When I wrote my About page, I laid out out my intention for this blog.
This is not a blog about one particular medium or another. This is not an assembly line of amazing and flawless creations. This is not a business site designed to promote a book or a business or a product. This is a place for exploring, discussing, and considering the creative process — the power of making — and its place in modern life.
In recent weeks, you’ve seen me trying to puzzle through this business of modern life and how to fit creativity into it. But what exactly do I mean? What is modern life and why is it so difficult to make time for making?
I guess by “modern life” I mean this whole fast-paced thing — this overscheduled, overcrowded, convenience-driven attitude that is popular in our culture.
In the old days, people created because they had to. Women quilted because their families needed warmth. They baked because their families needed food. Men fashioned their tools and laid out their farms so that they could eat. Women cared for children, men cared for plants and livestock. All were involved in the slow, steady work of nurturing life, and of making things, and of getting through.
Nowadays, why cook when we can pick something up at the drive-thru window? Why make blankets when we can buy them at Wal-mart for $3 a pop? It takes so much time to cook, to quilt, to paint or string beads or write poetry. Why labor over a hand-bound book, a tile mosaic, or a plein air painting when you can so cheaply pay someone else to do it? Paying will surely free up our time. But what do we do with that time? Well, a lot of us work harder to earn more money so we can pay for more conveniences.
Money will buy time. If I could pay someone to do my laundry for me instead of sitting in the laundromat for 3 hours a week — to do my cooking and cleaning, my car maintenance, and my dog walking for me — why, I could travel the world with my sketchbooks and do nothing but create. But, the only way for me to have funds to pay for convenience is to work more. Working more means less free time. That must not be the solution.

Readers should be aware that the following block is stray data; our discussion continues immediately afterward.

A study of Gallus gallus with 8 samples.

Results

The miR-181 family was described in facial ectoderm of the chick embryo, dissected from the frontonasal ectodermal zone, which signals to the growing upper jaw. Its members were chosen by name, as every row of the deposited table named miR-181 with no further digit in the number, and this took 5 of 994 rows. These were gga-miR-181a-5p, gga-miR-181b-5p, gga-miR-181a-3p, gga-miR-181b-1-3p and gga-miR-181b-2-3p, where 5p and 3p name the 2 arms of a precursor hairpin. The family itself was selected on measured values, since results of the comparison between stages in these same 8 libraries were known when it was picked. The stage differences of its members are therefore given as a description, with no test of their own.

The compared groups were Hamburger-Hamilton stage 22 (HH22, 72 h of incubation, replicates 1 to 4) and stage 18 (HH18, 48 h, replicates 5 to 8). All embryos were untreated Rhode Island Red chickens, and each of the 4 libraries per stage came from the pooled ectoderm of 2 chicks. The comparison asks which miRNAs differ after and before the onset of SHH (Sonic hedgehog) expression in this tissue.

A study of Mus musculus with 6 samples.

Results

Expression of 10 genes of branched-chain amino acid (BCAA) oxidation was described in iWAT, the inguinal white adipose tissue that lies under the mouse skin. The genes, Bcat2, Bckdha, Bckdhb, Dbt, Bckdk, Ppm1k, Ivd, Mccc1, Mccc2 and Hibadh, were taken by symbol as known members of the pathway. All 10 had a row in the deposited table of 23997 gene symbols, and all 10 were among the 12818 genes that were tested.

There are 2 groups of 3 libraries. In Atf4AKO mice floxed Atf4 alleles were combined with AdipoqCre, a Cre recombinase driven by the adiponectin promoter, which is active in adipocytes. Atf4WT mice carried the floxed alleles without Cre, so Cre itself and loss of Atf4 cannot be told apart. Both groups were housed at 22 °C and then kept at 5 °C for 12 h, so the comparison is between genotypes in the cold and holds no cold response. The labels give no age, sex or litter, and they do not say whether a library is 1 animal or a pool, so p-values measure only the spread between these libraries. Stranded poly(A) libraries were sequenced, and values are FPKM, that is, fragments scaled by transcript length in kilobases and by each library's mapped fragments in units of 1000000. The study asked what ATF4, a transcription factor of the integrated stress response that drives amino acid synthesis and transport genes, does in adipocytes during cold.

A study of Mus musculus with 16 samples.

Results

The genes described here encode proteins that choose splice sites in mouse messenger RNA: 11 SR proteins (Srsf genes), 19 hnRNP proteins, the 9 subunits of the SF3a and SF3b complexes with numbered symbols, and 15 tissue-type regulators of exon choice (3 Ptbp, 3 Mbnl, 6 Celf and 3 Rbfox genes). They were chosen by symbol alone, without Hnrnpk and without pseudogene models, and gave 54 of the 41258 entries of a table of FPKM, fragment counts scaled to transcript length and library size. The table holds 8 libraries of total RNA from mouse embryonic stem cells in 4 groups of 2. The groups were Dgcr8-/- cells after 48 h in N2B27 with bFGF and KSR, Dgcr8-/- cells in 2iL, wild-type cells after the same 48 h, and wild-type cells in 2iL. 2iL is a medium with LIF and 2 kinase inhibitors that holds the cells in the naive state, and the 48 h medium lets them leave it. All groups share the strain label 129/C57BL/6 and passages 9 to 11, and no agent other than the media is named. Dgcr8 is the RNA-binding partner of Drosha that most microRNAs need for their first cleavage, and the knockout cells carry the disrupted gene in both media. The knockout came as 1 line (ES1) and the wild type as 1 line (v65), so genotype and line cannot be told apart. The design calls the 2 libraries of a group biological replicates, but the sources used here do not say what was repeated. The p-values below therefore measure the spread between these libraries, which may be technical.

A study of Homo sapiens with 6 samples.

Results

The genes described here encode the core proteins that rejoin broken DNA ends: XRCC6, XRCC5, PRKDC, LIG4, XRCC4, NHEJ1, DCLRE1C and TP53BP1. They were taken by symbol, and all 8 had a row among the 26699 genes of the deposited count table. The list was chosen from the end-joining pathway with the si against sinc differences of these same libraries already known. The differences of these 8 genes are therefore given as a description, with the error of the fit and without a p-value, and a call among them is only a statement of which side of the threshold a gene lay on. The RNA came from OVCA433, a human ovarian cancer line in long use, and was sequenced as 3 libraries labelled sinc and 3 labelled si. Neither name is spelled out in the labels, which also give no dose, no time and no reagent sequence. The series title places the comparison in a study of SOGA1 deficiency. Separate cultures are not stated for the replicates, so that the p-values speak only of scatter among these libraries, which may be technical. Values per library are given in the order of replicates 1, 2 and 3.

As it stands, you and I and everyone make small decisions every day. For the most part, we give time to those things that are important to us. I say “for the most part” because if we are going through our days without examining our priorities, it’s very easy to fall into some cultural traps. How much time do I spend watching television? And why? Is watching television important to me? Well, no. Not really. But culturally, it is the popular thing to do. It is an easy thing to do. It is a fairly brainless thing to do. It lulls me into thinking I have done something. (Hint: I haven’t.)
If I wish to dedicate more time to things that are important to me, I first have to know what those things are. I have to set my priorities according to my values and be prepared to make decisions every day — every hour — to keep myself in line with those priorities.
One of my values is a core belief that making things enhances and improves my life. I have worked this year to make making a priority in my own life, and not just in the lives of my art therapy clients and patients. And so, even when I’m tired, or have had a long day at work, or am being jostled about on the subway, I try to make something. When I am upset or sad or sick, I try to make something. When I am happy, excited, or anxious, I make. Making is my priority.
I’m not a self-help author. There are plenty of people out there who want to tell you how to set your priorities. I’m not going to give you a numbered list of steps or suggestions for what your priorities should be. But, here is what has worked for me:
- I separate my values from my priorities. Values are things I believe. Priorities are things I do. They are the areas where I choose put my time and energy. Knowing my values helps me set my priorities. Priorities are my filtering system. They help me organize my time so that I can live a life in line with my values. Is that circular enough for you?
- I try to limit my list of personal values, priorities, and such to only 3-5 at a time. That’s not to say that I only believe in 3-5 things, just that I don’t want to actively be working on more than 3-5 areas at a time. More than this just gets overwhelming and probably sets me up for failure. I don’t like failure.
- My list is always in flux. What is important to me today may not be as important tomorrow, so it’s important to revisit it frequently. If I were to have children, for instance, this list would be likely to change.
I’m currently in the process of re-examining my list of values and priorities. Certain things have become less important to me and are being jettisoned. Others are making a re-appearance. Here is my current list of priorities — the places where I am trying to spend time:
What about you? What are your values? Your priorities? Where will you spend your time and energy today?